His body was especially beautiful naked: lean, hard curves of muscle along his shoulders, the taut slope of his back, sprawled limbs across tangled sheets. She studied the way the squares of light from her bedroom window illuminated the red undertones of his hair. He was perfect, even with his neck broken.

She hadn’t meant to. Hadn’t known she was capable of it, even on accident. But she also hadn’t realized, until an hour ago, that she really was the woman of her husband’s accusations, the kind of woman who’d let her new neighbor corner her into bed. She’d spotted him across the dim-bulbed hallway, pushing a bookshelf through his front doorway, and let him catch her eye. Thinking: her husband would notice the neighbor soon enough, would build his own theories around the square of the man’s jaw and the quickness of his smile, and would take his jealousy out on her, using his imagination as evidence and his hands as judge and jury. It wouldn’t hurt her any worse to look a little. To admire the newcomer as he crossed the hall and leaned against her doorframe. To let him breathe flirtations in her ear. Gentle. Different.

But then he’d put his weight behind that old expression, being forward, each kiss a nudge in the bedroom’s direction, her retreating half-steps as small as she could make them, staying faithful until she’d felt the mattress hit the backs of her thighs. She imagined how it had looked from above: the knight’s angled pursuit, the queen’s slow gambit through the grid of the apartment, allowing herself to topple. Afterward, after they’d climbed back out of bed, she’d twisted her ring around her finger—a thin, cheap band, easy to miss except when it was the only adornment on her body—and felt the alarm hammer of her heart clanging at the edges of her rib cage. She’d lied to herself, let things go too far. She’d told him he had to leave. Now, she’d told him, and kept twisting that wedding band. He’d lunged at her. Not so different, after all, from the men she’d spent a lifetime loving and hating in turn.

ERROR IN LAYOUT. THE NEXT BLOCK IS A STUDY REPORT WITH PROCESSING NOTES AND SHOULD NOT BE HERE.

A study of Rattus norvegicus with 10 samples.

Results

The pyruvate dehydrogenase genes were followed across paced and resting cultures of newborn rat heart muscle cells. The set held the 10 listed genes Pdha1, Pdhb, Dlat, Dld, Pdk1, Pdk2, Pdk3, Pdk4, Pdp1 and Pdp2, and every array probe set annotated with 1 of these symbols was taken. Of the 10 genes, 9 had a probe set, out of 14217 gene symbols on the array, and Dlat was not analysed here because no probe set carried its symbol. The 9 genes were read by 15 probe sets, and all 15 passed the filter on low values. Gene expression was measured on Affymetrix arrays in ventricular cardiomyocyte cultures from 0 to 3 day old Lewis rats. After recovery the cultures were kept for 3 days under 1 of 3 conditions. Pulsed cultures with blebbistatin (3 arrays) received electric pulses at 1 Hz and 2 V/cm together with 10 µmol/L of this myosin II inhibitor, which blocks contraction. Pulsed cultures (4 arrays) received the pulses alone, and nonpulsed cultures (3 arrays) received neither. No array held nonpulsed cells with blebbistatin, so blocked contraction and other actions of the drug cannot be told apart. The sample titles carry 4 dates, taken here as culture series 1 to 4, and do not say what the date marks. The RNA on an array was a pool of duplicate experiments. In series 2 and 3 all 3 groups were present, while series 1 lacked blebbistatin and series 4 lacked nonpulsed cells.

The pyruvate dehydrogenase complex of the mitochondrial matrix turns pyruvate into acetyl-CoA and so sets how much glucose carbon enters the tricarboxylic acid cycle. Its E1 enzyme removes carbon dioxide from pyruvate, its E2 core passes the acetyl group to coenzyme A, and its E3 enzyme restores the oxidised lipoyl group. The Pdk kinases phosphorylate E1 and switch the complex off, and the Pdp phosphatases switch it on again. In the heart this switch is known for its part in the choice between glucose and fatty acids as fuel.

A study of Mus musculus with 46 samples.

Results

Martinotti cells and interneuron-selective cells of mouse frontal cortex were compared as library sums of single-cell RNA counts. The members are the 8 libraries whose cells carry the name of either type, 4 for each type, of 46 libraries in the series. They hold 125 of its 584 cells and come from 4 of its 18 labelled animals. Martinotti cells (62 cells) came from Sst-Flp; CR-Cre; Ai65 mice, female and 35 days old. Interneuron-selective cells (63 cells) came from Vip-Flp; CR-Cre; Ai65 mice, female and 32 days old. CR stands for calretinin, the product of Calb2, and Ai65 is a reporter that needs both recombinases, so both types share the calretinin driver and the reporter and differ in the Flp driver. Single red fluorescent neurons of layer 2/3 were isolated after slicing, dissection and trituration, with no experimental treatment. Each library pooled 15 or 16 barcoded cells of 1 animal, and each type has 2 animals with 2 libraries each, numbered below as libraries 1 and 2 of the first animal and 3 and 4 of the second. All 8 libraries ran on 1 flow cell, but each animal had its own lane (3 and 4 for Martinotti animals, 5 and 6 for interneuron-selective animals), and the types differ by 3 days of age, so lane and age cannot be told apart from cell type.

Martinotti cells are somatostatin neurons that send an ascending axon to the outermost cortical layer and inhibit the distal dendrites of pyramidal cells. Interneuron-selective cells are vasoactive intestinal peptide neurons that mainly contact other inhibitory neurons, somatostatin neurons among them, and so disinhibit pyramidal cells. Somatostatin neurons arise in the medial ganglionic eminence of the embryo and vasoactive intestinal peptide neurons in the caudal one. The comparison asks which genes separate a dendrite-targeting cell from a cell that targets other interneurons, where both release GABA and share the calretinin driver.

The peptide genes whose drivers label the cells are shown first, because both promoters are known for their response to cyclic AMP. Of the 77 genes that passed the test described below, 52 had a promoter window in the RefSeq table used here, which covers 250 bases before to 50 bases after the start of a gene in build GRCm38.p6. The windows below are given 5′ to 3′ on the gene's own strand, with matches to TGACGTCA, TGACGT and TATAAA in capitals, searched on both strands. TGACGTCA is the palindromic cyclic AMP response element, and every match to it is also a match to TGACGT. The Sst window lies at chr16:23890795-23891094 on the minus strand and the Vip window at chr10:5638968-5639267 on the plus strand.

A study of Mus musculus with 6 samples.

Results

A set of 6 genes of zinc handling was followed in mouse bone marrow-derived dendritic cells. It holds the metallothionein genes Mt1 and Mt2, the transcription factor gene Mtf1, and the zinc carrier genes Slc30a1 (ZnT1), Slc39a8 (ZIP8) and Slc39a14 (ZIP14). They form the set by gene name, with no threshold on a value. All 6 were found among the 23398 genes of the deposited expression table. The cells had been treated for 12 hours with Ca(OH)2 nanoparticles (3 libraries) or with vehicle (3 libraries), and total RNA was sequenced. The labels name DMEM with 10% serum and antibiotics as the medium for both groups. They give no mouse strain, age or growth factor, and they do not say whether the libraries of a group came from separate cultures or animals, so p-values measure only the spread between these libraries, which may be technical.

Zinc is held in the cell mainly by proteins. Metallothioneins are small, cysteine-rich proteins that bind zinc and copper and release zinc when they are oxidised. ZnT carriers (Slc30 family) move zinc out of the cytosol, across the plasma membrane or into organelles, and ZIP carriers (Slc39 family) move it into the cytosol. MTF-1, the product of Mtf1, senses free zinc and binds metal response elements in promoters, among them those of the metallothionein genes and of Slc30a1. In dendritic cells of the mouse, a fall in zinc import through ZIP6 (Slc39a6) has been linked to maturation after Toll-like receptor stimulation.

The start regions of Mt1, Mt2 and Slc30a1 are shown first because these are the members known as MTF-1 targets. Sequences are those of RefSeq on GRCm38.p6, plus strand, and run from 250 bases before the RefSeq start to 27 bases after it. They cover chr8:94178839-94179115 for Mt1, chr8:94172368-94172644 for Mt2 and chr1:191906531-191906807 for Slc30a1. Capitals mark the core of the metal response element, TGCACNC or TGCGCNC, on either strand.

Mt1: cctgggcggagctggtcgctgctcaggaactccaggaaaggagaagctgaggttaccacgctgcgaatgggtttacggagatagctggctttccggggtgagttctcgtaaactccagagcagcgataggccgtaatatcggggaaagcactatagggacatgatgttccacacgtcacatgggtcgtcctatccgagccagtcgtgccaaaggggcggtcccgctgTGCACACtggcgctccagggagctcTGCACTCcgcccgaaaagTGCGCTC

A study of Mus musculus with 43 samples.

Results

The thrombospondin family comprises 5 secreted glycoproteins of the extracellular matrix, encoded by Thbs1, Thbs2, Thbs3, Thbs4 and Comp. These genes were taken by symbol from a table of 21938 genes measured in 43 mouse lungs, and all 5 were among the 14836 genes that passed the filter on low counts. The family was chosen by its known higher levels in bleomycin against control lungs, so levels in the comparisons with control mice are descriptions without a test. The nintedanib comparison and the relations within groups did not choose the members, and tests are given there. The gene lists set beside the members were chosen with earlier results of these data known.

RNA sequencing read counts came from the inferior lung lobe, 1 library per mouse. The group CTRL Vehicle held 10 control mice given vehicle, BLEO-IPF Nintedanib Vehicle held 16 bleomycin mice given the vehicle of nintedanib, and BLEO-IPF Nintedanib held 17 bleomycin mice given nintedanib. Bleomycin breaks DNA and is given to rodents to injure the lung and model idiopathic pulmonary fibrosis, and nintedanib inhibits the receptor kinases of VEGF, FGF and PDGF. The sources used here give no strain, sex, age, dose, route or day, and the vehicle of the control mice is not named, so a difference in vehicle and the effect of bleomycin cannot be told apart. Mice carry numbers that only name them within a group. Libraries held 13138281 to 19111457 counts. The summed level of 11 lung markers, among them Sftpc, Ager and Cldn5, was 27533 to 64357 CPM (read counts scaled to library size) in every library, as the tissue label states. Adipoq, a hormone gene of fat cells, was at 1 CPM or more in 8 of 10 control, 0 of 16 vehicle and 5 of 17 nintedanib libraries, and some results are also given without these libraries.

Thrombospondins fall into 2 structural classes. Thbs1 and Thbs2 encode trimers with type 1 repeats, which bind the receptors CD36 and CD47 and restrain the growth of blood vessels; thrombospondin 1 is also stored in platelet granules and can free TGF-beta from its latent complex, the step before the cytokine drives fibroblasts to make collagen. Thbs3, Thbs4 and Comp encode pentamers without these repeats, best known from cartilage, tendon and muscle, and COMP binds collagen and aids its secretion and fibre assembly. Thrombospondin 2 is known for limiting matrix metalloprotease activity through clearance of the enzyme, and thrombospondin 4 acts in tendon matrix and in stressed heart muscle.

She hadn’t flinched or cowered, the way she did with her husband. As if, after so many years, her body had lost the capacity to move backward and forward. Instead, diagonal: a sidestep, her fingers gripping his hair and his temples pulsing between her palms and the heels of her hands against the edges of his eye sockets, and then a desperate, twisting motion as she’d flung him toward the bed, away from her. The crack as his skull collided with the headboard at the wrong angle. The odd, painful L-shape of his neck. And now she leaned against the nightstand, her body as naked as his, though far less beautiful, her hands clasped behind her back, no longer trustworthy.

She heard, too soon, the front door open and shut. Heard the jangle of her husband’s keys as he tossed them into the dish. Heard his whistle—jaunty, quick-tempoed—and knew how quickly those notes would sour as soon as he bulled his way into the bedroom.

Her hands found the nightstand drawer, opened it, fumbled until they grasped the scissors she kept there. The window’s light dappled across the bedsheets. In the other room, her husband’s movements were as slow and deliberate as a king’s: one step at a time, in any direction. He paused, called her name. Started whistling again, took a step toward the bedroom. Thirty more seconds before his tune would change. Half a minute. She clenched the angled blades against her spine and waited.




Rachael Warecki’s fiction has previously appeared in The Los Angeles Review, The Masters Review, Midwestern Gothic, Tahoma Literary Review, and elsewhere, and she received a 2014 Best of the Net nomination for flash fiction. She holds an MFA in Fiction from Antioch University Los Angeles, has previously attended the Tin House Writers Workshop, and was selected as a 2017 Emerging Voices Fellow at the Wellstone Center. She is currently (perpetually) at work on a novel. More information is available on her website.